2001: A Space Odyssey: Where the Silences Deafen
"This time tomorrow, where will we be / on a spaceship somewhere, sailing across an empty sea."---Ray Davies, The Kinks, 1970
In 1968, when Stanley Kubrick's masterful adaptation of Arthur C. Clarke's short story "The Sentinel" hit the big screen, 2001 was 33 years away---a lifetime for a 21-year-old. Where would we be? I wondered (not yet having heard Ray Davies' song) as I drove with some college buddies to see 2001: A Space Odyssey in Cinerama. I'd made an 8-track tape of the fanfare to Strauss' Also sprach Zarathustra from the DGG original because MGM's LP soundtrack version sounded so awful, and we played it repeatedly during the hour drive---a pleasant diversion while waiting for the chemical enhancements to kick in.
The sound was awesome, actually, because I'd outfitted my Firebird 400 with four Altec-Lansing 405As---heavyweight 4" monsters that were far superior to anything then available in car audio. We hit the theater well equipped, we thought, but no one was prepared for the sonic and visual feast Kubrick served up. Nothing like it had ever been seen before on the big screen. The music, featuring both the comfortably familiar Blue Danube by Johann Strauss and György Ligeti's disturbing, discordant choral works, was yet another sensual jolt.
As the opening scenes unfurled, one could only wonder where Kubrick and Clarke were heading. When the monolith appeared for the first time, wonderment gave way to confusion. And when the bone/weapon hurled in the air was jump-cut to a space shuttle, confusion gave way to submission. Kubrick and Clarke were asking us to evolve, in a few hours, beyond linear thinking, past the limitations of our three-dimensional perceptions, to the fourth dimension, experienced by humankind as the illusion of passing time.
Thirty-one years later, amid an upsurge in dogmatic religious fundamentalism and superstition, it seems as if we've failed to scale the lofty intellectual heights Kubrick and Clarke hoped their movie would help inspire us to climb. However, viewing this DVD demonstrates that Kubrick and his team got the future more right than wrong. In fact, they probably influenced it as much as they predicted it. (But how could they know that, in the meantime, Pan Am would go from the premier world airline to bankruptcy?)
Except for a few grainy television transmissions, Kubrick wisely avoids showing us life on Earth in 2001. But his vision of an antiseptic, plastic, fluorescent, high-tech future, and the pivotal role the computer plays in it (and the creepy relationship developed between man and machine), were right on course, if a bit ahead of their time. HAL---the talking, "thinking" computer---is a much higher probability today than it was then.
Time has been more than kind to the technical advancements shown in the film. In fact, it's been downright flattering. Dozens of small details shown in the movie, fantasies in 1968, have become reality. For example, the crew tests the microscopic printed circuit boards in the "failed" AE 35 antenna unit using a logic probe, which automatically displays close-ups of the circuitry on a computer screen. Young viewers today will take that bit of technical business for granted, but for those of us seeing it for the first time in 1968---back when vacuum-tube testers could be found in every drug and department store and solid-state audio gear was just becoming a reality for consumers---the scene reeked of science fiction.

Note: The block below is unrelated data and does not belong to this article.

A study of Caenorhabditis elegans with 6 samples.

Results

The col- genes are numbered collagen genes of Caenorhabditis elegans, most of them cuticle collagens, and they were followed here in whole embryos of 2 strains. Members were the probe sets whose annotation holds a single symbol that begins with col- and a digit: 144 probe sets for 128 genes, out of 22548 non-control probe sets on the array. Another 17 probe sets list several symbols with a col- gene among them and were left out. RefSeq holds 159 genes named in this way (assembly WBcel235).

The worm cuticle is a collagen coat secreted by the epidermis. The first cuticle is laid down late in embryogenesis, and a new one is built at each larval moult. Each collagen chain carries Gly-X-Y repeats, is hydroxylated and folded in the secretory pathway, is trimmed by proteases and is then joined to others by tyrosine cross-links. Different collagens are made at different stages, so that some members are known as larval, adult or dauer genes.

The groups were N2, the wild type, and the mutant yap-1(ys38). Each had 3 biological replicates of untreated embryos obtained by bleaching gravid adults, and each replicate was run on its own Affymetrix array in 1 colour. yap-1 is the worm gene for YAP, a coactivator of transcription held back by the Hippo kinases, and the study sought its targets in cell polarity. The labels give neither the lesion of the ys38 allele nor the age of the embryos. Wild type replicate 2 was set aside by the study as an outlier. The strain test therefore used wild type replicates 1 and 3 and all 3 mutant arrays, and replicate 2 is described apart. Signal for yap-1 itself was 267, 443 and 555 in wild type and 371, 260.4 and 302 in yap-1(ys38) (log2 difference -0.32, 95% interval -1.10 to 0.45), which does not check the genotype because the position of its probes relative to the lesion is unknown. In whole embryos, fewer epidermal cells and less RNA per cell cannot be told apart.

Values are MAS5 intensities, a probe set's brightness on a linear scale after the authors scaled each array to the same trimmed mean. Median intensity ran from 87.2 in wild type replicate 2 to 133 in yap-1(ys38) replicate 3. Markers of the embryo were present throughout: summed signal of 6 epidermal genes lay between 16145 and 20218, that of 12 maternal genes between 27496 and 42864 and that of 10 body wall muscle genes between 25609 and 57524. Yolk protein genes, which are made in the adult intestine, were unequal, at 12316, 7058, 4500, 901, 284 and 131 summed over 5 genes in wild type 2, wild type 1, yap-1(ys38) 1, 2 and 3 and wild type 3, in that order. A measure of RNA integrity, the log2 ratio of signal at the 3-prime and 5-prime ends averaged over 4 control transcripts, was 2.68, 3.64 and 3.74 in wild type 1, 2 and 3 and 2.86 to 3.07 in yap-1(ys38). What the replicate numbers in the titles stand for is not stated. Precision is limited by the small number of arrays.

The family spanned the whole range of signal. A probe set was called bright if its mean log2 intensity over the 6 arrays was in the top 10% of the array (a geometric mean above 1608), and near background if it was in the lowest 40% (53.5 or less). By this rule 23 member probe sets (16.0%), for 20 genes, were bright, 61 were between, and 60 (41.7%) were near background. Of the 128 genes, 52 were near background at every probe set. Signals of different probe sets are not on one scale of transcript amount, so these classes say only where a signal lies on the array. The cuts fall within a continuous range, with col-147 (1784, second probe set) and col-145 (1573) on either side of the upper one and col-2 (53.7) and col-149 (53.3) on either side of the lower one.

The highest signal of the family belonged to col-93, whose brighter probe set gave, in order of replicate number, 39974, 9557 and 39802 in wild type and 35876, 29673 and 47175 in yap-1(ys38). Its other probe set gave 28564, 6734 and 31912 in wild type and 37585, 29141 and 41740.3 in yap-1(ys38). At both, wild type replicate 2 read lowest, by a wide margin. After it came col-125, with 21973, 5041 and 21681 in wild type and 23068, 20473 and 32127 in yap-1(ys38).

Perhaps a generation raised on a steady diet of Star Wars and Close Encounters will be unimpressed with this movie's special visual effects. But for those of us who encountered 2001: A Space Odyssey in 1968, and whose concept of a space vehicle's form was a straight-sided variation on Hitler's V2 rocket, the bizarre shapes Kubrick put on the screen that year were nothing short of mind-shattering. The psychedelic rush that ends the film, as much fun as it is, is nothing more than LSD-laced icing on the cake.
While 2001 has not been restored, the transfer master was evidently in relatively good shape. I noted only a few small scratches and bits of schmutz. For the most part, the picture is crisp and clear, with rich, velvety blacks and well-saturated colors. My biggest complaint is a flickering on the top of the letterboxed screen for the first few "reels." Otherwise, Kubrick's vision---right down to the mysterious atmospheric music that was played in theaters before the film started and during the intermission---is brought to the small screen in fine fashion.
Special features include the original theatrical trailers and a fascinating, highly informative speech (mislabeled an "interview") given by Arthur C. Clarke at a press briefing before the film's premiere.
The discrete 5.1-channel sound, probably taken from the 6-track 70 mm mag-stripe mix, is dated, being dynamically compressed and rolled-off on top. No matter: The startling simplicity, clarity, and originality of the music and sound effects continue to impress. The film's audacious silences---placed precisely where lesser filmmakers would have piled on sound effects and dramatic music---are deafening.